Is a new trend developing where big business interests are pushing municipalities to develop autonomous vehicle infrastructure?
That seems to be the case in Wisconsin, where the Foxconn Technology Group, a Taiwanese multinational electronics contract manufacturing company, has prompted the city of Racine to study the possibility of developing special lanes for autonomous vehicle traffic on Interstate 94, which runs through the city.
According to Racine’s Centennial Journal newspaper, members of the Racine City Council reported that Foxconn, which is currently considering building a manufacturing facility in a semi-rural area near the city, is concerned about traffic congestion on the highway. The facility could ultimately employ as many as 13,000 workers, the report said.
The state has already allocated money to widen I-94 to eight lanes in the area, along with other local road improvements, which lead city leaders to believe they were “ahead of the curve” on traffic issues, according to Tim Sheehy, president of the Metropolitan Milwaukee Association of Commerce, who was quoted in the story. “We were all dumbstruck,” Sheehy added, “when they looked at us and said, ‘So where’s the autonomous vehicle lane?’”
As a result of that conversation, the Journal Sentinel reports, Wisconsin transportation planners were asked to consider the possibility. The Department of Transportation is doing just that, a spokesman said Monday.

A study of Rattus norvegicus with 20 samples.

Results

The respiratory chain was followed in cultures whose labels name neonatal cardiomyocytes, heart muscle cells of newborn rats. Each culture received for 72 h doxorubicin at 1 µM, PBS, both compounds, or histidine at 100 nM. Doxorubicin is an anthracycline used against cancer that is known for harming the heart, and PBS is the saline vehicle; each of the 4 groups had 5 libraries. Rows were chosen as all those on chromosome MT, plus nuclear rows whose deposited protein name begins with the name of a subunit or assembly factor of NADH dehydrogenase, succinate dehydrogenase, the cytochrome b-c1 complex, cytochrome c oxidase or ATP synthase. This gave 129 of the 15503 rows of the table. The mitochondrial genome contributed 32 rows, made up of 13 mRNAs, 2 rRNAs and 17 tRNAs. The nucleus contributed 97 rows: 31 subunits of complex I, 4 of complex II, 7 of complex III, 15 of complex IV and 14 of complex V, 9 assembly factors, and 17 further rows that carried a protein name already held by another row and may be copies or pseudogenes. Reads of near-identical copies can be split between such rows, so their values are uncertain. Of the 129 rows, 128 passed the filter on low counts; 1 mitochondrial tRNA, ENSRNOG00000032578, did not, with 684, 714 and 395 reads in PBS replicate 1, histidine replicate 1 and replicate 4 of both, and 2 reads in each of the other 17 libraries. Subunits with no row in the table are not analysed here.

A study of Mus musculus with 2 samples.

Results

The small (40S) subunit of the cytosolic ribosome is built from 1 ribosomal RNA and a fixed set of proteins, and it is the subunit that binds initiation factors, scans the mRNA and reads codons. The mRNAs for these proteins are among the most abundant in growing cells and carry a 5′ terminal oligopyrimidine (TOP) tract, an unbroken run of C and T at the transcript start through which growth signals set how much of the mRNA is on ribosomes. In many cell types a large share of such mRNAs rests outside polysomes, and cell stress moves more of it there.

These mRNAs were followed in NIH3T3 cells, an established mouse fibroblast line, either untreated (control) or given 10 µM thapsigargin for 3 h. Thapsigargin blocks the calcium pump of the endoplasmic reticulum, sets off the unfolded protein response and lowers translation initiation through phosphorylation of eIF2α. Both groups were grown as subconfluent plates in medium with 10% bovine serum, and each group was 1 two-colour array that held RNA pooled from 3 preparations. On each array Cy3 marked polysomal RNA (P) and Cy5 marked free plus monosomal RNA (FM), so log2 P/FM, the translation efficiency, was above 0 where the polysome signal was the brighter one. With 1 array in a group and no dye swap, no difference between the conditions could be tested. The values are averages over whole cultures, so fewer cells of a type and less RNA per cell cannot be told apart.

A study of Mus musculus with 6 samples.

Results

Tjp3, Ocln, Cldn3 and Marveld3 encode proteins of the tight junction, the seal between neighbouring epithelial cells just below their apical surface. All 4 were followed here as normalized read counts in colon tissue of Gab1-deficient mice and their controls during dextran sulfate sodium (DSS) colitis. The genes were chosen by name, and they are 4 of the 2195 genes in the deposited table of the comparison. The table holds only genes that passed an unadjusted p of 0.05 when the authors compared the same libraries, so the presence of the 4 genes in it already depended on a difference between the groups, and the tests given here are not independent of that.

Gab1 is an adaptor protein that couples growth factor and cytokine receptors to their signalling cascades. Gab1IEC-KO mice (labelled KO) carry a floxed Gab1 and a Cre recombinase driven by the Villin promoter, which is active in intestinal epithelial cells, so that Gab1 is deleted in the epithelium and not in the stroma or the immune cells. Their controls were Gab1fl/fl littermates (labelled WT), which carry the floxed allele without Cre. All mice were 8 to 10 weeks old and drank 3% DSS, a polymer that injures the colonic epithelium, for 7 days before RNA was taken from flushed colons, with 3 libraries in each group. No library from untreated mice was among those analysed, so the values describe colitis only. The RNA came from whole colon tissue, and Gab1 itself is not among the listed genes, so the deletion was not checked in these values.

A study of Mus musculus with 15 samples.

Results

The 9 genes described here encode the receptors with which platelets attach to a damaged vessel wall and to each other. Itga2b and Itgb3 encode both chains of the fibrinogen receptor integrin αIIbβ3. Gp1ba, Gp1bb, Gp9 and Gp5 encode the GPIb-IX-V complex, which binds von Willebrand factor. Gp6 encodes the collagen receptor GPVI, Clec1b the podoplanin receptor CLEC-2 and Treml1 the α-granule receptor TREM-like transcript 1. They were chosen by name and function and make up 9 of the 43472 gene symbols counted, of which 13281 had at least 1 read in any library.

“Yes, it is something we are looking at,” said Michael Pyritz, spokesman for the department’s southeast region.
Pyritz said the process of evaluating and making final decisions on upgrades to I-94 and other roads near the planned Foxconn complex in Mount Pleasant “is a work in progress,” with many options being weighed.
“It’s on the table,” he said of dedicated lanes for driverless vehicles, “but boy, there’s a lot of stuff on the table.”
One possibility, Sheehy said, would be driverless lanes between the Foxconn plant and Milwaukee’s Mitchell International Airport as a way to move supplies and products to and from the factory.
The state appears to be one that is encouraging development and testing of the vehciles. Earlier this year, Wisconsin Gov. Scott Walker has signed an executive order that removes roadblocks to testing autonomous vehicle technologies in Wisconsin. The UW-Madison College of Engineering has been designated by the U.S. Department of Transportation as one of 10 national proving grounds for autonomous vehicles. The governor has a Steering Committee on Autonomous and Connected Vehicle Testing and Deployment to offer advice on how to advance the testing and operation of self-driving vehicles in Wisconsin.